IT Business  
   

By Paolo Del Nibletto

 
    July 11, 2007  
   

Software giant enters uncharted waters with its first VoIP offering targeting SMB and branch offices

Denver -- Well, it is official. The long rumoured move by Microsoft to offer some kind of unified communications, VoIP and telephony was announced today at the Worldwide Partner Conference, held here.

Called Office Communications Server 2007, the product will be released to manufacturers this summer and will be available in Canada in November.

Microsoft's goal with its VoIP services is to streamline communications through Outlook with voice, video, telephony and fax, said Chris Capossela, corporate vice-president of information workers at Microsoft.

With Office Communications 2007, users can attach voice notes and see the sender's calendar or agenda for the day through Active Directory. They can also click on an icon to call a mobile phone or do instant messaging.

VGA quality video calls with picture in picture views in full screen can be made. The key for Microsoft with unified communications is that it is not a rip and replace solution, Capossella said.

“It is software powered VoIP to control your phone. You can forward all calls during work hours and control it all from the PC rather than the phone, which is more complex,” he said These moves puts Microsoft squarely in Cisco's crosshairs even after the two firms made an historic partnership agreement back in 2002.

Cisco executives have been upfront about the Microsoft relationship and have said repeatedly they want to continue to collaborate and interoperate with them. However, there will be areas where they compete and one of them will be unified communications. John Chambers, Cisco CEO, said during the company's last Partner Summit in Las Vegas.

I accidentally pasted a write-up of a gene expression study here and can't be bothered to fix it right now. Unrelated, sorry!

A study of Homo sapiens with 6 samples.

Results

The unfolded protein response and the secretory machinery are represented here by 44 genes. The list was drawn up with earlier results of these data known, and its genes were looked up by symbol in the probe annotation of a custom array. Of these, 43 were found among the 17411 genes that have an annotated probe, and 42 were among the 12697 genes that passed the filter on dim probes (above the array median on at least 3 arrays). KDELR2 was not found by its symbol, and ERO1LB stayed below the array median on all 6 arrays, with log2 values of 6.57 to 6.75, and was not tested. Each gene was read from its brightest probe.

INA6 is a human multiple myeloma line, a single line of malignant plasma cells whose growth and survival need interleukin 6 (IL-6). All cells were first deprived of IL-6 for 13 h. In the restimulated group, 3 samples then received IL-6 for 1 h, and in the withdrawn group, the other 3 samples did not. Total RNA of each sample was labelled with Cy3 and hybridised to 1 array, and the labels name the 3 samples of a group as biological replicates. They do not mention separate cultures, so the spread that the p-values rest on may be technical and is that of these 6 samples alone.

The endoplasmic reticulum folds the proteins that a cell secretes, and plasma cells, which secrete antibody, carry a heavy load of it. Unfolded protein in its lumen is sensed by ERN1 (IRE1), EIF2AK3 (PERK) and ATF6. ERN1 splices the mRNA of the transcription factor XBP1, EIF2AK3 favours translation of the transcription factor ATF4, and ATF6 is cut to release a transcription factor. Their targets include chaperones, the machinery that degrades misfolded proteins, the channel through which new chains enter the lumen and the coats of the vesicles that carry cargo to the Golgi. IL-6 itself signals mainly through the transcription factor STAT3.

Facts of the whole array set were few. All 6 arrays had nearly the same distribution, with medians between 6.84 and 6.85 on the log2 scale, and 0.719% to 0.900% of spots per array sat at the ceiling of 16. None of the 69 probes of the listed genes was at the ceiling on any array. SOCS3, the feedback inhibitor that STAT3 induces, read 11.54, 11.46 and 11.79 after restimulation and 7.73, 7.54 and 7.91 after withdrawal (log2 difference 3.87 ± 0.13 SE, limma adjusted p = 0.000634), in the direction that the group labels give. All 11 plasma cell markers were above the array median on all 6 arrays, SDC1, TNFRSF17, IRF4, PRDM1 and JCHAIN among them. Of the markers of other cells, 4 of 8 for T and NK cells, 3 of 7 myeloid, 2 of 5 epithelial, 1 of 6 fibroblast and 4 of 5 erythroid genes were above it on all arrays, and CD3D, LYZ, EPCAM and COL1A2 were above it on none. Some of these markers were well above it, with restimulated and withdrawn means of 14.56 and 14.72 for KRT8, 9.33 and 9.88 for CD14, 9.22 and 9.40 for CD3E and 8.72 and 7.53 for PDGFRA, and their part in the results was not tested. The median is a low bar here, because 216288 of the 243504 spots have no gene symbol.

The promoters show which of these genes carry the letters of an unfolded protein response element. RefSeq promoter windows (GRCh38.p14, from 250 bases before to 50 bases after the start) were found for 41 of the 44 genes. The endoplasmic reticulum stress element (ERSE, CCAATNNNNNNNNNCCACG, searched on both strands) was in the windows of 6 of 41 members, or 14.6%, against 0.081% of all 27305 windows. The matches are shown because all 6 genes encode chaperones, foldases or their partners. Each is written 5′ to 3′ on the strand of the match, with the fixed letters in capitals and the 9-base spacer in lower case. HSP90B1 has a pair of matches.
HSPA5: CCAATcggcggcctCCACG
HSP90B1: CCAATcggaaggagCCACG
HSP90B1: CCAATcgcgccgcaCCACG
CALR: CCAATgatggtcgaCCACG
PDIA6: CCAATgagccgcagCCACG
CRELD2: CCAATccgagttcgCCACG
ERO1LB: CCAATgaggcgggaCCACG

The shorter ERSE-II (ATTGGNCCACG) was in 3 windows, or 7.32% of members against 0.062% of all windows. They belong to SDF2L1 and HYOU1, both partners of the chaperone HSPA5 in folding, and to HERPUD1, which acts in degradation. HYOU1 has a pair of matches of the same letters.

"Microsoft has given us a three-year lead. And we've never lost a game when we've had a three-year lead,” said Chambers. “It's a battle we fully intend to win."

Harry Zarek, CEO and president of Toronto-based solution provider Compugen, doesn't feel that Microsoft moving into this space that Cisco has dominated will force channel partners to choose one or the other.

“As a solution provider and integrator you never want an either/or with Cisco or Microsoft. I hope we can avoid a battle of the two titans and I don't think it will happen because customers do not want it. It would be bad for the industry because they want to leverage both technologies,” Zarek said.

Kevin Restivo, analyst for the Seaboard Group, concurs with Zarek saying he doesn't believe there will be a standards war.

However, Restivo did say that the industry has changed dramatically because of IP, just from the year 2000, forcing vendors to be quicker to market giving incumbents such as Cisco no clear advantage.

Erin Elofson, unified communications and collaboration product manager for Microsoft Canada's information worker group, said Office Communications 2007 will try to solve four key areas: streamline communications, protection, operational efficiency and be a future ready communications solution.

“It puts people at the centre of telecommunications. With our entrance, we want to bring voice back to people with a single ID that spans many devices.

We do not want people to step out of Excel to communicate,” she said.

Evan Zaleschuk, director of collaboration technology at MTS Allstream, believes the sweet spot for Office Communications 2007 is between 80 to 120 seats.

Microsoft partner MTS Allstream can even tailor this offering to organizations while leveraging the unified communications system over many customers. The partner charges customers any where from $2 for a basic offering to $22 on a per month per user basis and within that can make between 20 and 25 per cent of margin depending on the customer, Zaleschuk said.

The channel opportunity, according to Zaleschuk, is that traditional VoIP was intended as a way to cut costs, but that it required customers to migrate to new applications, handsets and PBXs.

“That can get very expensive. Now with software you can integrate it with existing phone infrastructure to give users a choice to answer it with a phone or a PC,” Zaleschuk said.